Mastering the art of servant leadership - Feature Photo

Mastering the art of servant leadership


For the uninitiated, servant leadership may sound like a confusing, contradictory concept. How does one be a servant and a leader at the same time? Aren’t they direct opposites? Our understanding of the two terms describes servants as fundamentally submissive and leaders as assertive. Being the latter calls for taking charge of a team, while the former simply follows. Well, in the words of Robert K. Greenleaf, “the servant-leader is servant first”. Greenleaf, who coined and brought the concept into the mainstream sphere, wrote those immortal words in a 1970 essay, “The Servant as Leader”.




The First Step: Humility




A servant-leader leads by example and is never too proud to handle a “lower” job. Here’s a classic case in point that exemplifies what it means to be humble: A store manager walks past an untidy shelf. He/she cleans it up on the spot without waiting for a store assistant to do it. If you see a problem that can be resolved immediately, take it upon yourself to do it, even if it’s not quite your responsibility.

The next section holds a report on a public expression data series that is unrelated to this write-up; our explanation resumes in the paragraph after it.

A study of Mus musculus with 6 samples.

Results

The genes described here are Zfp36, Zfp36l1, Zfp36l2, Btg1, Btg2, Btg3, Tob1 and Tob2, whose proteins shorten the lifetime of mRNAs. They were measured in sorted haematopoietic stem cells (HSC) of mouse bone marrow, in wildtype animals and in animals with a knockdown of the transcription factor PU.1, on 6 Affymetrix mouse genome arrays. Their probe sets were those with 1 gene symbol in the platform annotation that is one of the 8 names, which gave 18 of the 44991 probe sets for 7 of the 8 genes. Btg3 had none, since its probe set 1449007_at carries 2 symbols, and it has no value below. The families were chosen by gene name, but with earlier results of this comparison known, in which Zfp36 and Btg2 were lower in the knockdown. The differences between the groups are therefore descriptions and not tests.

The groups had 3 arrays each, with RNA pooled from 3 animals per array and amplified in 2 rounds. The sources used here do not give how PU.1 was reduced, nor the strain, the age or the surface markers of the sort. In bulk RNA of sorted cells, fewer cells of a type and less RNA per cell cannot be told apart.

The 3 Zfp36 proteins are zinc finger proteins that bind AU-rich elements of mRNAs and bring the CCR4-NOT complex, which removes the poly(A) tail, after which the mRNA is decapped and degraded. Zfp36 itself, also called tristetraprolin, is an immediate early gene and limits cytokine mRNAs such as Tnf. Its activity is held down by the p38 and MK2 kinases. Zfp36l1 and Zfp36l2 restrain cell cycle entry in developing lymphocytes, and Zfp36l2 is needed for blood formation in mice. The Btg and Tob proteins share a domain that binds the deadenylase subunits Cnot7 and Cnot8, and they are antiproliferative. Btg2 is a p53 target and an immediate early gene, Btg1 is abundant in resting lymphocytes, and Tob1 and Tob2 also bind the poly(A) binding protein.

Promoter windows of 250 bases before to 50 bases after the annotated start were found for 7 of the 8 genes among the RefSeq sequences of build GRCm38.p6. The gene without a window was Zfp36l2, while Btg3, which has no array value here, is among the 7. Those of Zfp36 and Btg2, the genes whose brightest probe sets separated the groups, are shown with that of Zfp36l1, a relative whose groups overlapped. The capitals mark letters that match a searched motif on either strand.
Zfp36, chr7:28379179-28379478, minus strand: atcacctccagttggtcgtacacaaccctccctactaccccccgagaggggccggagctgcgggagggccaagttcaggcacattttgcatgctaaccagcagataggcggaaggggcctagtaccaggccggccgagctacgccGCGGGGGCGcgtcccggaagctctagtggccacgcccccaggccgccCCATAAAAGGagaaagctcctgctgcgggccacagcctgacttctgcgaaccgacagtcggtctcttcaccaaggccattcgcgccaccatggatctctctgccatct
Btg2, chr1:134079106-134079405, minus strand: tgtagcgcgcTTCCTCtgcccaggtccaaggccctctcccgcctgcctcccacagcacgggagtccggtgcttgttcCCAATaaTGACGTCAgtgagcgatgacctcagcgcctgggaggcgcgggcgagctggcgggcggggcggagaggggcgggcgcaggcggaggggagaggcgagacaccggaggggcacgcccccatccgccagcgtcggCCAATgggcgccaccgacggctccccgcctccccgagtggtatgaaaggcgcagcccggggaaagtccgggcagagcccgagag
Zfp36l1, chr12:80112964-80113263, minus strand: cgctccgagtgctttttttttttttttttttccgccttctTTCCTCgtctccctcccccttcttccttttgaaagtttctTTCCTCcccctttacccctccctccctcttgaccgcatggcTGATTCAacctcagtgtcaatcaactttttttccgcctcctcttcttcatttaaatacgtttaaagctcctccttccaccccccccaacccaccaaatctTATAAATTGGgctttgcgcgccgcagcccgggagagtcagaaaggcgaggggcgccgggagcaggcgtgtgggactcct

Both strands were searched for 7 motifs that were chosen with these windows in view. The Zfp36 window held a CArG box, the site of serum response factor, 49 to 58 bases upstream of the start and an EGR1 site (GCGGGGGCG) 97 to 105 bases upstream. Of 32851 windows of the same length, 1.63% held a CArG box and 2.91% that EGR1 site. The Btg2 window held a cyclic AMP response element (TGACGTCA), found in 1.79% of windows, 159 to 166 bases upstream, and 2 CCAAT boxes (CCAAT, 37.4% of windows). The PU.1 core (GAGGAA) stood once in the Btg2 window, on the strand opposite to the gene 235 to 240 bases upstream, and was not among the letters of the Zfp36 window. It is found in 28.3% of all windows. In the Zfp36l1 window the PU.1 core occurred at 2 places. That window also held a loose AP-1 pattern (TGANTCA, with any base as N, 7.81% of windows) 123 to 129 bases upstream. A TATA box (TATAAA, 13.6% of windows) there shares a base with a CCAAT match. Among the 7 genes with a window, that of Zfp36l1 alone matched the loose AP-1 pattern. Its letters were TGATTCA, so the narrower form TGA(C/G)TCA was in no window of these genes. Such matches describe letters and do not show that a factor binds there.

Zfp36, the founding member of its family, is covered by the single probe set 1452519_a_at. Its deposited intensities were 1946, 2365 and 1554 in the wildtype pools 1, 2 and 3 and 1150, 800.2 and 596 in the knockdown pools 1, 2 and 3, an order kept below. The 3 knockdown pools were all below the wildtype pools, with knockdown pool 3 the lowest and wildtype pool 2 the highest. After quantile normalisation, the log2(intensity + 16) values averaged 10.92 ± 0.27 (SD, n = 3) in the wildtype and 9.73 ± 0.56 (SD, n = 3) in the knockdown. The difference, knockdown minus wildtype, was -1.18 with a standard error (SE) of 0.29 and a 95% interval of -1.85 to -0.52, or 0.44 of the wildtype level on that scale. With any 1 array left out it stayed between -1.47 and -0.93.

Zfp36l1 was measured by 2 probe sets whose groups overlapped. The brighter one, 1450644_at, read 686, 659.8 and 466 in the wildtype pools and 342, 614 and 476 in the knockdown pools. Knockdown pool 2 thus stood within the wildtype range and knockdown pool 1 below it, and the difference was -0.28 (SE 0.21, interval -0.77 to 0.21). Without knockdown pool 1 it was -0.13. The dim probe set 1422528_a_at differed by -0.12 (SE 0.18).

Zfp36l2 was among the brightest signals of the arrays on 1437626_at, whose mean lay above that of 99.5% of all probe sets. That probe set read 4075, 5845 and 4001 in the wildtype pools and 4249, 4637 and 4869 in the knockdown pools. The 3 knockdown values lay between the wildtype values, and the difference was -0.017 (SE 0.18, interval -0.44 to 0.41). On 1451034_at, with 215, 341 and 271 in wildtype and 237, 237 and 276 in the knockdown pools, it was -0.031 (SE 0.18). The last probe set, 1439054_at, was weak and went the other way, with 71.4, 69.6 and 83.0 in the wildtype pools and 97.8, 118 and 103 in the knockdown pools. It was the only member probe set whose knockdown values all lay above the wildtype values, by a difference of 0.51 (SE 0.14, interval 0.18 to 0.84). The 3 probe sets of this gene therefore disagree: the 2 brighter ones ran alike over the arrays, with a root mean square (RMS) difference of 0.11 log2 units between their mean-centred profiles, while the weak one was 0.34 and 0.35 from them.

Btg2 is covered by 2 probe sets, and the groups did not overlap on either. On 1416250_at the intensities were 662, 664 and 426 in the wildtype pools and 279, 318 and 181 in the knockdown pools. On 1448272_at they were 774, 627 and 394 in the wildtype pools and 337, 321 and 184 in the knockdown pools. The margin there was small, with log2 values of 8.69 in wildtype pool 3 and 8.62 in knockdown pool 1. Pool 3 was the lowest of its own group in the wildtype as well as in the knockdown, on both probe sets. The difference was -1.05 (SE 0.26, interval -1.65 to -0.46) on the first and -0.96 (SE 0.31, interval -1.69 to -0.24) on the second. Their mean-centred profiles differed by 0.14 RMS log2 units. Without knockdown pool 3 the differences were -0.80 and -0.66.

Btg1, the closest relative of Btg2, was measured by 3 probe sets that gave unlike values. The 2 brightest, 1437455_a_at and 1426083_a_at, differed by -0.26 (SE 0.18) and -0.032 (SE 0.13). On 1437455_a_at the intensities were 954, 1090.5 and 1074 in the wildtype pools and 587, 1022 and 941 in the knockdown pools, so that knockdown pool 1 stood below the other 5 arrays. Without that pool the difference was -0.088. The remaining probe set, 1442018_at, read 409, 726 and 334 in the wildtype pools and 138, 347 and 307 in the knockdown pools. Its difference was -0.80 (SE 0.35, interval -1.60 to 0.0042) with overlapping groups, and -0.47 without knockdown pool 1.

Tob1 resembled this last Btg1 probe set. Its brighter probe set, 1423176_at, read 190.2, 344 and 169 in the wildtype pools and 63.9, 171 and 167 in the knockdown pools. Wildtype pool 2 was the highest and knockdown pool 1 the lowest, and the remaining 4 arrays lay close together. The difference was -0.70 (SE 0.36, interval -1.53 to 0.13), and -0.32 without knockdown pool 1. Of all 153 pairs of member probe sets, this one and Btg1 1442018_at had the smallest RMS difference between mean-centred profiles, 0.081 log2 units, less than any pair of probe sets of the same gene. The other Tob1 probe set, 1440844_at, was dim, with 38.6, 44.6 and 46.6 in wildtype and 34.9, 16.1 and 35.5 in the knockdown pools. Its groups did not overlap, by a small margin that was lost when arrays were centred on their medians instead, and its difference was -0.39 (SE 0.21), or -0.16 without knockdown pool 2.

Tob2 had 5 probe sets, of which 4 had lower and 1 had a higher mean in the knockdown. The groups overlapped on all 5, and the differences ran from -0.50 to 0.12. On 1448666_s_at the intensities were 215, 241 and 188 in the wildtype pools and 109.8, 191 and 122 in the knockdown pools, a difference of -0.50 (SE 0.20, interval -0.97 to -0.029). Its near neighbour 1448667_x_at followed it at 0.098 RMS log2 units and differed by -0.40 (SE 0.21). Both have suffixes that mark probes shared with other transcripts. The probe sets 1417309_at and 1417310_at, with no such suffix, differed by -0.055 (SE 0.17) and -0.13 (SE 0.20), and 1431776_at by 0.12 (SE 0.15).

Serving Others




One way to serve your staff is to mentor them. Develop their skills beyond their specific fields, and put them on a path to becoming servant-leaders themselves. Your employees are your company. If they do not grow, your firm doesn’t either. Opportunities for leadership are paramount to facilitate the development of your employees. This is where delegation enters the picture. Here, you need to be aware of your weaknesses as well, knowing someone in your team might be able to do a better job than you in a specific task. If you feel you’re carrying the weight of the world on your shoulders (professionally), you may be struggling with delegation and letting go of control and power.


Be Observant and Interested



Of course, to have fruitful conversations with employees, you need the foundation of an open and honest relationship first. Also, try for one-on-one chats as often as possible, limited to a fixed duration of maybe half an hour. Such exchanges are more focused, productive, and make the other person feel truly treasured.


After quitting his job at AT&T, Greenleaf founded the Greenleaf Centre for Servant Leadership in Indianapolis in 1964, which has since expanded its headquarters to include 10 locations around the world, one of them in Singapore. Find out more about sharpening your servant leadership skills, and the local office here.